DonnaA DonnaA is offline

When taking portraits using my Canon 17-85mm lens on autofocus (focus point is set to the center point), I focus on the eyes, press shutter halfway then recompose. But when I look at where the AF point actually landed (using the Canon DPP Viewer), the center focus point never lands on the spot where I focused. It's either way above like in the hair or off the face or anywhere but where I focused! In all cases the subject was not moving and didn't move during the shot. The light was consistent. Exposure ISO 800, f5.6. Can this be happening because maybe after locking the focus, I take a few steps back when recomposing? Or after locking focus I then move the zoom setting? I can't figure out what's causing it. Is it my error, if so what? Or is it lens error/malfunction? Or something else altogether? Any help would be appreciated!

DonnaA DonnaA is offline

Mike, my method is to follow all the steps you suggested, except I didn't know that locking the focus in, then changing the zoom setting, even a little, would throw the focus off. Also that I should not take any steps back and forth. Thanks for those tips. Now I'll just have to try them out. I'll let you know how it works. Thanks again!
MikeBC MikeBC is offline

On both my 30D and 50D, there is am option on the display playback that shows the focus point when you press the Info button to cycle thru the display options. I usually have it set to off, but turned it back on for a little testing I did.

I am not sure the 50D has facial recognition - no interest in using it so never looked.

I would suggest a little testing with 2 objects, one near and the other a little further back (say 2 feet), Focus on the closer, center the camera on the farther one and shoot. Look to see if the closer one is in sharp focus and the farther centered one is soft focus. Set your lens to max zoom and use a wide open aperture (5.6) on your lens.
MikeBC MikeBC is offline

I don't use DPP, but always do the following

  1. set zoom length
  2. select focus spot on subject, press and hold shutter halfway down
  3. recompose (while continuing to press and hold shutter half way down) by moving camera, never change the zoom or wander back and forth - all of these things will change the focus
  4. press shutter all the way.
I have an option on my 50D that displays the selected auto-focus point. It always shows the center point as being selected and the focus is where I set it.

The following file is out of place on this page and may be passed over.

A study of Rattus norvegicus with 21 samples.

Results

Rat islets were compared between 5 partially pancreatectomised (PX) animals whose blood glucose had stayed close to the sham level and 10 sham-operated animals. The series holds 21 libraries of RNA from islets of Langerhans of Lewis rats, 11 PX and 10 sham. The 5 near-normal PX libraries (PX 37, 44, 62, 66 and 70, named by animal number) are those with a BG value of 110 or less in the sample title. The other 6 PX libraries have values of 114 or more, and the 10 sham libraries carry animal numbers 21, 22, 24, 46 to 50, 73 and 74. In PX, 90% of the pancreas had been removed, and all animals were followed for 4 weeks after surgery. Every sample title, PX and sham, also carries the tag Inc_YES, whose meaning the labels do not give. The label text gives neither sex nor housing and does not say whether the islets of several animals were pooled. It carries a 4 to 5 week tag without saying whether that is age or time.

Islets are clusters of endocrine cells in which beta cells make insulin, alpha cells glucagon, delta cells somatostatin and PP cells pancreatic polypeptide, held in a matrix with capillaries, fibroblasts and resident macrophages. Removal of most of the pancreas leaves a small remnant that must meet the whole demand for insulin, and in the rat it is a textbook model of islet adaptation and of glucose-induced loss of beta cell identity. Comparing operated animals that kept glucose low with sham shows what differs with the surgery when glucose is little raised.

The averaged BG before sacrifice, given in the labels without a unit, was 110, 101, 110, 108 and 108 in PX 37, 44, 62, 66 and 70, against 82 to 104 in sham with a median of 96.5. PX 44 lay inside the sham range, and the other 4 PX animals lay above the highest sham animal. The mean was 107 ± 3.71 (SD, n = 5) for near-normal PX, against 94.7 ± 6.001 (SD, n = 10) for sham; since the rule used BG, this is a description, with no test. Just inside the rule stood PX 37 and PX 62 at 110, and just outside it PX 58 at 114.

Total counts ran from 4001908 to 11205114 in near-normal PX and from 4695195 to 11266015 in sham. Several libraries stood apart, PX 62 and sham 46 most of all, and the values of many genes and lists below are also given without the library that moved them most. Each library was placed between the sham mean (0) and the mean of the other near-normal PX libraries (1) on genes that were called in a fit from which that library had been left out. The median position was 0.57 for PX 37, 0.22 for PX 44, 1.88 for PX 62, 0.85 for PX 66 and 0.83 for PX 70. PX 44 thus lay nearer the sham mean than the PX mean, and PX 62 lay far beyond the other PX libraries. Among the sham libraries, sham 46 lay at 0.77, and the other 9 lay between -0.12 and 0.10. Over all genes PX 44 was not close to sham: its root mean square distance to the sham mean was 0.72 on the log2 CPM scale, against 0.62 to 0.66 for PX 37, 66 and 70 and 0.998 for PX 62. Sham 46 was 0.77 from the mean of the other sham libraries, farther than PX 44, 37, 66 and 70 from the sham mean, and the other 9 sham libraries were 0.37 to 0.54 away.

Try these steps out and get back with details of camera model, etc and see what happens. (Or let us know it worked and all is well).
MikeBC MikeBC is offline
Originally Posted by MikeBC View Post
I have the 17/85 lens and use it a lot on my 30D, then my 50D.

I don't use DPP, but always do the following

  1. set zoom length
  2. select focus spot on subject, press and hold shutter halfway down
  3. recompose (while continuing to press and hold shutter half way down) by moving camera, never change the zoom or wander back and forth - all of these things will change the focus
  4. press shutter all the way.
I have an option on my 50D that displays the selected auto-focus point. It always shows the center point as being selected and the focus is where I set it.


Try these steps out and get back with details of camera model, etc and see what happens. (Or let us know it worked and all is well).
This is what I do with my Nikon D7000 (and did with my D70S and D80).

Canon cameras have at least three focusing modes:-

1. One shot AF which is good for still subjects.
2. AI Servo AF for moving subjects
3. AI Focus AF for Automatic Switching to AF mode - again for moving subjects.

The key thing about the last two options is these are for moving subjects, which is similar to having a still subject but moving the camera.

Colin
MT Stringer MT Stringer is offline
I do the focus and move option quite often and don't have any problems with it but something to check is the focusing mode of your camera.

Canon cameras have at least three focusing modes:-

1. One shot AF which is good for still subjects.
2. AI Servo AF for moving subjects
3. AI Focus AF for Automatic Switching to AF mode - again for moving subjects.

The key thing about the last two options is these are for moving subjects, which is similar to having a still subject but moving the camera.

Colin
What he said.

Also, why not set your focus point on your subjects eyes by using the toggle thingie on the back of the camera. I can't recall how many focus points you have available. Saves some composition time.
Also, at f/5.6, does it really matter how accurate your focus is? Just curious.

Since I shoot high school sports mostly, I always use AI Servo. Say I am shooting a volleyball game. Sometimes I set the focus point on a lower point (shooting in vertical orientation) so I grab the legs of the player on the other side of the net and not the net (volleyball).
DonnaA DonnaA is offline
Originally Posted by MT Stringer View Post
Also, at f/5.6, does it really matter how accurate your focus is? Just curious.
I find it matters a lot in portraits where the focus point is, particularly at f/5.6 and wider apetures. Especially in the eyes, which can look soft from the focus point being elsewhere.